Leevi Antti Madetoja
Born February 17, 1887, Oulu. Died October 6, 1947, Helsinki

Bachelor of arts 1910, Master of Arts 1914, Imperial Alexander University
Graduated from the Helsinki Music Institute 1910, further studies in Paris, Vienna and Berlin 1910–12

Music teacher 1926–39, University of Helsinki
State composer’s pension 1919
Music critic 1916–32, Helsingin Sanomat
Teacher of the theory and history of music 1916–39, Helsinki Music Institute, Helsinki Conservatory, Sibelius Academy
Orchestra conductor 1941–16, Viipurin Musiikinystäväin orkesteri (‘Orchestra of the Vyborg friends of music’)
Assistant conductor 1912–14, Helsinki Philharmonic Society

Board member of the Finnish composers’ Copyright Society 1928–47, chairman 1937–47
Secretary of the national expert committee for composing 1918–28, member 1928–47, chairman 1936–47
Founding member of the Society of Finnish Composers 1917, board member 1917–47, chairman 1933–36
Member of the Royal Swedish Academy of Music


Honorary member of the Society of Finnish Composers 1947
Honorary award of the Finnish Cultural Foundation 1947
Title of Professor 1937
Kalevalan reimuvuosi bursary 1936

Photo: Wikimedia Commons
Written by Tomas Sjöblom
Translated by Matthew Billington

The Ostrobothnians' success continues to this day

Photo: Wikimedia Commons.

As a young composer, Leevi Madetoja had already attracted attention in his student days with the work Pianotrio (1909). Along with his study mate Toivo Kuula, he was the first significant Finnish composer to draw inspiration from French music.

Earlier, Germany had been the preferred destination for post-graduate studies among students of composing. After all, the likes of Jean Sibelius, Madetoja’s teacher, drew his most important inspiration from the German-speaking world. In contrast, Madetoja successfully combined Finnish folk ingredients with modern French elements to form his own balanced style. Indeed, folk melodies were so naturally intertwined with his compositions that they were sometimes thought to be folk music.

Madetoja’s First Symphony was completed in 1916 and enjoyed an enthusiastic reception in musical circles. His more dramatic and monumental Second Symphony achieved considerably more popularity upon its completion in 1918. Madetoja’s experiences in the Finnish Civil, during which both his brother and his friend Kuula died, had a central effect on its style.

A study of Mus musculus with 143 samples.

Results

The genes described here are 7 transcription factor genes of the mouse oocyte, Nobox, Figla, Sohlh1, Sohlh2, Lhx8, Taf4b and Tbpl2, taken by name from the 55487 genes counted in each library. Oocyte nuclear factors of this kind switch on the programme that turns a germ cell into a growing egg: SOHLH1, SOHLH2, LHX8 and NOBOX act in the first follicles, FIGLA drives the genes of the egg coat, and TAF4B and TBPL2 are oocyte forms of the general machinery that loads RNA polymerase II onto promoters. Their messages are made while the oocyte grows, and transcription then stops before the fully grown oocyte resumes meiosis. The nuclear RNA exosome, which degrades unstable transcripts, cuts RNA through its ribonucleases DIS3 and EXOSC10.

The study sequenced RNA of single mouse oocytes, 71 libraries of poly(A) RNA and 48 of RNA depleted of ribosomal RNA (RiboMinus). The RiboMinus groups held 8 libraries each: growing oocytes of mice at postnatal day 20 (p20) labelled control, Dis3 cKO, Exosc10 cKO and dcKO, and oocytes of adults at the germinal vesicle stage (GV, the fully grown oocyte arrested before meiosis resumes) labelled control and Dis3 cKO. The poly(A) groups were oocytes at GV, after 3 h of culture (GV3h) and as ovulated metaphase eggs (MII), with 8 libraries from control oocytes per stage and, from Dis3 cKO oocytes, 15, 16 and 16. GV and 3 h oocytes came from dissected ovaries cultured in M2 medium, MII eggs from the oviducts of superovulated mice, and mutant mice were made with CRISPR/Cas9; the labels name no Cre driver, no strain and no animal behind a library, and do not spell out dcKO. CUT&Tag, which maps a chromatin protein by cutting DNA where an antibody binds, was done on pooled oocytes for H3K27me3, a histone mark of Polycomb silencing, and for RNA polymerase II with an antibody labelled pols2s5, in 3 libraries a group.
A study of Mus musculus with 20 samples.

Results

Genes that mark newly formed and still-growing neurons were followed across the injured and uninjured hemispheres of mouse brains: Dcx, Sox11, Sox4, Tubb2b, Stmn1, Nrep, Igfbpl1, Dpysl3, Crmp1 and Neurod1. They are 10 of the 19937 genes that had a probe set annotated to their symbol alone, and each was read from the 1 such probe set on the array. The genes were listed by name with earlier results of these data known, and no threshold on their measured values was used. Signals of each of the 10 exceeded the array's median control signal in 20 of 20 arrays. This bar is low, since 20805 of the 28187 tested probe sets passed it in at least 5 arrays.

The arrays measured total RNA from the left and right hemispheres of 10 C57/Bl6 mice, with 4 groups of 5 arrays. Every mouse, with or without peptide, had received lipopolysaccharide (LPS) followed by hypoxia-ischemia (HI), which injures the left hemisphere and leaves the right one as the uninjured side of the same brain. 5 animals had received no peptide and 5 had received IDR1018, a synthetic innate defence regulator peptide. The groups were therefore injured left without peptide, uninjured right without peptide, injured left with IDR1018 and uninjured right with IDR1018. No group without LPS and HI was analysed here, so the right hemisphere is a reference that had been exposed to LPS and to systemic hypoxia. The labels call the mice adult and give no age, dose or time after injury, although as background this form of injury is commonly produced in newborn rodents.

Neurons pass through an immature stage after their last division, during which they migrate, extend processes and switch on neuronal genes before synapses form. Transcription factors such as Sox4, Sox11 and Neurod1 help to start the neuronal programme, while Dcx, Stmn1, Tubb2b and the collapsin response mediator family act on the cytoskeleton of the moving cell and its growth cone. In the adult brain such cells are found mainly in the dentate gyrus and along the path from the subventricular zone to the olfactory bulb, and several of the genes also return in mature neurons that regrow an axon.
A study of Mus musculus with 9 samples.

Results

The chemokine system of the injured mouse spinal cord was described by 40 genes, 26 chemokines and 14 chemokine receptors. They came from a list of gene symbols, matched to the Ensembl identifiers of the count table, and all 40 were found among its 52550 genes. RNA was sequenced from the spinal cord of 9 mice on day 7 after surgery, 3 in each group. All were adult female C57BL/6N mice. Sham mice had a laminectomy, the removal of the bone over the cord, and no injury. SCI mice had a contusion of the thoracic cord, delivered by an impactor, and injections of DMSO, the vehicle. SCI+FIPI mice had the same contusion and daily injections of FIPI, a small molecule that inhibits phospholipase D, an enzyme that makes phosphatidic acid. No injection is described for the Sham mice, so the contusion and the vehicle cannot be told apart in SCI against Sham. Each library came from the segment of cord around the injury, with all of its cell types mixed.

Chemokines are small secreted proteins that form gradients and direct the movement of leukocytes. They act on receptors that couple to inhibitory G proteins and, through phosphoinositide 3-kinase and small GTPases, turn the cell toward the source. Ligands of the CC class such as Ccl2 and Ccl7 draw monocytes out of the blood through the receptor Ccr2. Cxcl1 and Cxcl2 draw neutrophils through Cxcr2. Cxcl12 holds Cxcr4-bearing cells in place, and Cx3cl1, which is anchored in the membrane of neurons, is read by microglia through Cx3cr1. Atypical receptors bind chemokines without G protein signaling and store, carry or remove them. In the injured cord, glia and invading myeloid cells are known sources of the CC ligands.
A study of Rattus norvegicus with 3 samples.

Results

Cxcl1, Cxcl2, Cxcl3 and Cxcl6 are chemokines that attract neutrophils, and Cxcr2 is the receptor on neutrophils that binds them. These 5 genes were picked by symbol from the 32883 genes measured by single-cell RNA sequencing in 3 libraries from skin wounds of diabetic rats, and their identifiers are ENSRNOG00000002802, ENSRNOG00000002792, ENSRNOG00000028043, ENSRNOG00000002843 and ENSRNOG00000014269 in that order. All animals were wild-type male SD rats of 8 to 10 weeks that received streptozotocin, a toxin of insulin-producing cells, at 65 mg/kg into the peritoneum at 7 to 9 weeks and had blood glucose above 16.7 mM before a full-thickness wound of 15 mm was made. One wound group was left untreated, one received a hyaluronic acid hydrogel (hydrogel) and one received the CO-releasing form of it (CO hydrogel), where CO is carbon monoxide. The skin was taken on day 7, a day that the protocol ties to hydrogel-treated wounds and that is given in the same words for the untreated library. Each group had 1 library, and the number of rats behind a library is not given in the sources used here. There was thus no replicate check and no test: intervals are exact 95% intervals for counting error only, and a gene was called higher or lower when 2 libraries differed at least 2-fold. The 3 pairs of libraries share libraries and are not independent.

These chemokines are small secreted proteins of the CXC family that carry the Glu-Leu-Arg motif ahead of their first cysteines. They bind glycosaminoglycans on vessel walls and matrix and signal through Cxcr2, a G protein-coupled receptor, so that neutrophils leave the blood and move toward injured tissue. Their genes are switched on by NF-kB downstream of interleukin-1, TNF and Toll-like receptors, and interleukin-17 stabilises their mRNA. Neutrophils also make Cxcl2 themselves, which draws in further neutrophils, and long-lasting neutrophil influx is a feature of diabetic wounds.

Madetoja’s Third Symphony, considered his most mature work, was completed in the Parisian suburbs in 1926. It presents a lighter more extroverted side of the composer, who is often remembered as a meditative introvert. Madetoja’s most daring musical experiment is probably the Japanese themed Ballet d’ action Okon Fuoko, which was performed for the first time in 1930. It failed to enjoy particular success on the stage, but the orchestral series that resulted from it has received acclaim.

Madetoja reached the pinnacle of his career with the opera The Ostrobothnians, which premiered in 1924. It immediately became part of the permanent programme of the Finnish National Opera. In Madetoja’s lifetime the opera was also performed abroad, and it remains on the programme of the Finnish National Opera to this day. It has even been described as the most successful Finnish opera of all time.

One reason for the success of the opera could be its nationalistic themes, which emphasised the honesty and sense of justice of Ostrobothnian peasants. Madetoja’s second opera, Juha, is, according to Erkki Salmenhaara, more mature and profound, but it failed to enjoy the popularity of its predecessor. The external factors present in The Ostrobothnians were lacking.

The third focus of Madetoja’s works is vocal music, both choral and solo pieces. He collaborated in particular with Heikki Klemetti. Klemetti conducted, among others, the YL Male Voice Choir, which has later recorded and released all of Madetoja’s pieces for male voice choirs.

Among the best of his vocal music is Elegia, which is set to a poem by Eino Leino, while one of his best known pieces is the Christmas carol Arkihuolesi kaikki heitä (‘Cast away your everyday worries’). Due to the quality and breadth of his work, Leevi Madetoja can be considered one of the most influential figures in Finnish choral music. He was also the most important symphonist of the post-Sibelius generation.